We got The Ultimate RPG Tarot Deck, designed by Jef Aldrich and Jon Taylor and produced by Simon & Schuster. Here's what we think of the deck!

Throughout the ages, Tarot decks have been utilized by people with a certain gift for divination, as well as many without. They have also been a favored item for Game Masters, mainly for application in role-playing games aplenty. Where do the lines blur between fantasy and “true sight” in reality? We got The Ultimate RPG Tarot Deck, designed by Jef Aldrich and Jon Taylor and produced by Simon & Schuster. Here’s what we think of the deck!

the ultimate rpg tarot deck

A Word Of Foreboding From The First Tarot

Before we get into the contents and design of what we received for review, we must stress something a bit dire. We received this deck for review as a gift from Simon & Schuster. However, we ended up having to request a replacement because the first deck’s box was noticeably crushed. We do not believe this to be a shipping error as the packaging was in fine condition when it got to us. However, we believe it to be an issue with shrinkwrapping.

We will not be showcasing images of the defective product, as it isn’t indicative of what we ended up with. Furthermore, the cards in it were intact, albeit hard to remove from the crushed box. Nevertheless, we deem it important to mention that if you need a replacement, Simon & Schuster will likely be able to provide it for you, as they did for us.

The Ultimate RPG Tarot‘s Design

The illustrations for The Ultimate RPG Tarot, done by Zachary Bacus, show the many intricacies of your typical RPG campaign. The cards feature the usual names and overall depictions of the Rider-Waite Tarot deck. However, every card, both in Major and Minor Arcana, also stylizes the illustrations with a classic tabletop-RPG spin and annotates this beneath the card titles. The resulting deck is something made with true adoration for the art form that is role-playing.

The Ultimate RPG Tarot Deck Is A Critical Hit For Us
The contents of The Ultimate RPG Tarot Deck.

The Contents of The Ultimate RPG Tarot Deck

The Ultimate RPG Tarot Deck comes with the full Major and Minor Arcana of the aforementioned Rider-Waite-style Tarot deck, as well as an instruction manual on how to properly divine the deck. All of this comes compactly stored in a box with an embossed title on the front face.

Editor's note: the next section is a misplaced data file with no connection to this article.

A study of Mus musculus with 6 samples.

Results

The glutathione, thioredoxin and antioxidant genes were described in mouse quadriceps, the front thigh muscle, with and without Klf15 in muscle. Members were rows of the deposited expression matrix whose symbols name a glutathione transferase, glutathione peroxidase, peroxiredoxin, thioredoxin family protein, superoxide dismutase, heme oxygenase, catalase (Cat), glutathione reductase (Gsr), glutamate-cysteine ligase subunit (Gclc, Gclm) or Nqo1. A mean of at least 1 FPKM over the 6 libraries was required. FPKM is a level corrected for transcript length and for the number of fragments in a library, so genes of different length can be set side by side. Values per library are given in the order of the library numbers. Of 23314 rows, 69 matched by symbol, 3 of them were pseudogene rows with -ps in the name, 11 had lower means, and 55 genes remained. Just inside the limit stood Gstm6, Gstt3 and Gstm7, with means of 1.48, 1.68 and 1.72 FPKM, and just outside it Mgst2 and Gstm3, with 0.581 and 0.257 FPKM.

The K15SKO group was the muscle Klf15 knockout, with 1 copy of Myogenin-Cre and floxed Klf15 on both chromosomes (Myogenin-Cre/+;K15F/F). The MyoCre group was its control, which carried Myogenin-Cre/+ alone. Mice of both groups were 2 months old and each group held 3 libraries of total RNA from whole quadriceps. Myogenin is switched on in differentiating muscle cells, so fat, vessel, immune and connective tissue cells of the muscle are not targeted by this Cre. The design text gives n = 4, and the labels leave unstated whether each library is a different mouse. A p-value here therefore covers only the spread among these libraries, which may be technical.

Some cards like “The Hanged Man” being “The Long Rest” were striking in their illustration. “The Empress” is depicted as “The Tavern Keeper”, a female orc tending to a shelf of drinks and plants, to amusingly comedic effect. On a similar note, as a Dungeon Master myself, I was moved by “The Emperor” depicted as “The Final Arbiter”, a tabletop DM complete with screen, dice, miniatures, and pencil. It is remarkably respectful and I’m all for that.

On the topic of respect, we also have “Judgment” as “The Session Zero”, which is a tool I love to use for fostering a bond between my players. The Ultimate RPG Tarot Deck‘s card depicts the same.

Some of the concepts in the Rider-Waite Tarot are notoriously difficult to reimagine. Therefore, cards like “The Tower” (“Wild Magic”) or “The Sun” (“Critical Success”) have illustrations that are fairly similar to the source. This is fine, as liberties have been taken to a degree by Bacus. Besides, many of The Ultimate RPG Tarot Deck‘s cards have been rendered with great differences already.

I will admit that I am not an avid Tarot reader. Thus, I cannot divine the Minor Arcana… yet. Nonetheless, this deck spares no card the same treatment as the ones described above. And I get how some Minor Arcana, such as “The Ten of Swords” (“Backstab”) make sense. The Swords suit is typically no good to encounter in a Tarot. In that way, I’d assume “Backstab” encapsulates the meaning behind its counterpart. It’s things like this that make The Ultimate RPG Tarot Deck really neat.

In short, The Ultimate RPG Tarot Deck is, at least to us, a critical success in terms of design and execution. If there was one thing we would say was a pitfall it was the shipping issue, but overall that was small potatoes and something easily overcame. The art is gorgeous, at times cute but also at times poignant. The book explains things easily and even comes with a short lexicon of RPG terms that fit with their respective cards. Ultimately, an effective Tarot deck for diviners and dabblers alike.

You can get this deck on Simon & Schuster’s website and wherever Tarot decks are sold.